Former Gov. Jim McGreevey has moved passed his political life and now is heavily involved in helping women in prison improve their lives and rejoin their families. In the second of a three-part interview, he told NJ Today Managing Editor Mike Schneider that under no circumstances will he return to public office.
While he was governor, McGreevey said he had a sense of detachment. He said he credits Gov. Chris Christie for holding town hall meetings and staying in touch with the public. “That’s something that I did as mayor of Woodbridge. I think it’s so critically important that if you’re not gonna go down to the local VFW hall, if you’re not gonna go to the local coffee shop that you stay in touch with the rhythms, with the patterns of daily life. And I think, for me, that’s something that I regularly did as mayor, but I lost, to a certain sense, as governor,” he said.
McGreevey said he would argue that all people have a god, whether it’s power, money, ego or a higher power. “For me, I think in politics, self survival, sustenance, the need to stay in place became all too real,” he said.
The former governor now focuses his attention on helping incarcerated women improve their lives. He said he finds joy in touching an individual life. “For me, that keeps me grounded in the moment. And to help women, frankly, whose circumstances were so different than mine,” he said. “But I can hopefully contribute to them seeing themselves differently.”
According to McGreevey, the recidivism rate for the program is 22 percent compared to the national average of 66 percent. “That means almost four out of five of the women I’m working with — and it’s clearly not just me, it’s an entire team — these women are being rejoined with their families,” he said. “They’re remaining sober and 100 percent of them, Michael, are working.”
McGreevey said the program has been successful because the women have changed perceptions of themselves.
The former governor hasn’t made many public appearances since his resignation, mainly because he didn’t want to answer the same questions about his political career. “I want to talk about women in prison. That’s my passion. The Jim McGreevey story has been told so many times, I’m bored with it,” he said.
McGreevey said he could speak for hours about helping female prisoners because he believes in treatment and and rehabilitation instead of just incarceration, explaining that 70 percent of the women behind bars are addicts. “Why aren’t we treating them and helping them to reclaim their lives instead of doing nothing?” he asked. “They get released and they go to the same corner, the same drug dealer. So that’s my passion, to talk about that.”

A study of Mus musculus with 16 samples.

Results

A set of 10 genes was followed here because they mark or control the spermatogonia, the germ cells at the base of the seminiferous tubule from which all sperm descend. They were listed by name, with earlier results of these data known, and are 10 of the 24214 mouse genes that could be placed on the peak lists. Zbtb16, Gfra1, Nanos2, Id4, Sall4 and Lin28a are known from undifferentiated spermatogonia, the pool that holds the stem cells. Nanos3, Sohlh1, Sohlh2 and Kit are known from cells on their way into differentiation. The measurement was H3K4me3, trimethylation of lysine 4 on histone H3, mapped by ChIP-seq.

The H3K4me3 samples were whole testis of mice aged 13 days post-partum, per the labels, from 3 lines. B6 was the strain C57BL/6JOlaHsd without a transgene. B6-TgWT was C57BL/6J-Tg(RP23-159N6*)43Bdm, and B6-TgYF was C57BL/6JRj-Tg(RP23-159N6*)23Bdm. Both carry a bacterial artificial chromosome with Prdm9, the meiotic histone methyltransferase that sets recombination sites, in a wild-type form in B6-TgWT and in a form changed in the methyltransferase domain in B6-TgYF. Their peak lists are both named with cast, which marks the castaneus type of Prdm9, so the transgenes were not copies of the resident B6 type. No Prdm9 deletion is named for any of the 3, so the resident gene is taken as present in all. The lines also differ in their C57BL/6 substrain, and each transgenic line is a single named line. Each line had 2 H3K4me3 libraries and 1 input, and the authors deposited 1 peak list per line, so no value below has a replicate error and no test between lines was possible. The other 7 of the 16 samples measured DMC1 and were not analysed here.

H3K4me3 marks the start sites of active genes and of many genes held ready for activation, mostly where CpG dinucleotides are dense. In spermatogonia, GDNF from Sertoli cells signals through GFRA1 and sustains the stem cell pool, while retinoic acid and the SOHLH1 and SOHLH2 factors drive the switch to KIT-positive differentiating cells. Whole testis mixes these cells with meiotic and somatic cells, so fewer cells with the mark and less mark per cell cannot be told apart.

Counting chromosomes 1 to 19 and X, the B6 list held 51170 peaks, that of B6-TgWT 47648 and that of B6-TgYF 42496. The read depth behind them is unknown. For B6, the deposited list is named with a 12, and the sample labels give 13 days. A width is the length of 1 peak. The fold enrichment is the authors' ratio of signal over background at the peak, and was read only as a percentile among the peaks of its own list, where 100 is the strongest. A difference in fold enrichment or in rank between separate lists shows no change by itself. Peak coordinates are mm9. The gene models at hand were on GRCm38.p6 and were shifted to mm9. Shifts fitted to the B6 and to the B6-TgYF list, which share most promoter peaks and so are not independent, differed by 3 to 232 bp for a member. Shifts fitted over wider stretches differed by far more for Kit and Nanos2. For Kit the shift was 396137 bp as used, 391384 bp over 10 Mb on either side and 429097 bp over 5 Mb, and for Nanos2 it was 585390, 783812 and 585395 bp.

With the release of the HBO documentary “Fall to Grace” and McGreevey’s reemergence in the public eye, some have said he looks like a candidate again. But McGreevey said he would never, under any circumstances, go back into politics. “For the women that I work with, I’d like to be help in some small way to be a voice for them,” he said. “And we can take back their lives.”
In addition to working with many addicts, McGreevey said the overwhelming majority of the women in the program have been victims of sexual violence and domestic abuse. Helping them with addiction and providing safe, sober housing after prison, as well as employment opportunities, has helped many. McGreevey relayed one story of a woman with 26 criminal convictions who is now working, living in her own home and is reunited with her family.
“So at the end of the day, if I can change how we see prison, instead of just being a tolling where people are locked up for years without any education, without any addiction treatment, without any hope and they come out and within two weeks or within, clearly within three years, they’re back in, this has all been a sad, miserably expensive failure,” McGreevey said. “And so what I’d like to do now is work to develop a prison system as they have in Israel, as they have in Scandinavia that works. That takes these people from wardens of the state at a cost of $45,000 a year in a jail cell, to having these people become productive, taxpaying citizens.”
In addition to the economic impact and social impact, McGreevey said there is a moral impact as well. “These are human beings,” he said.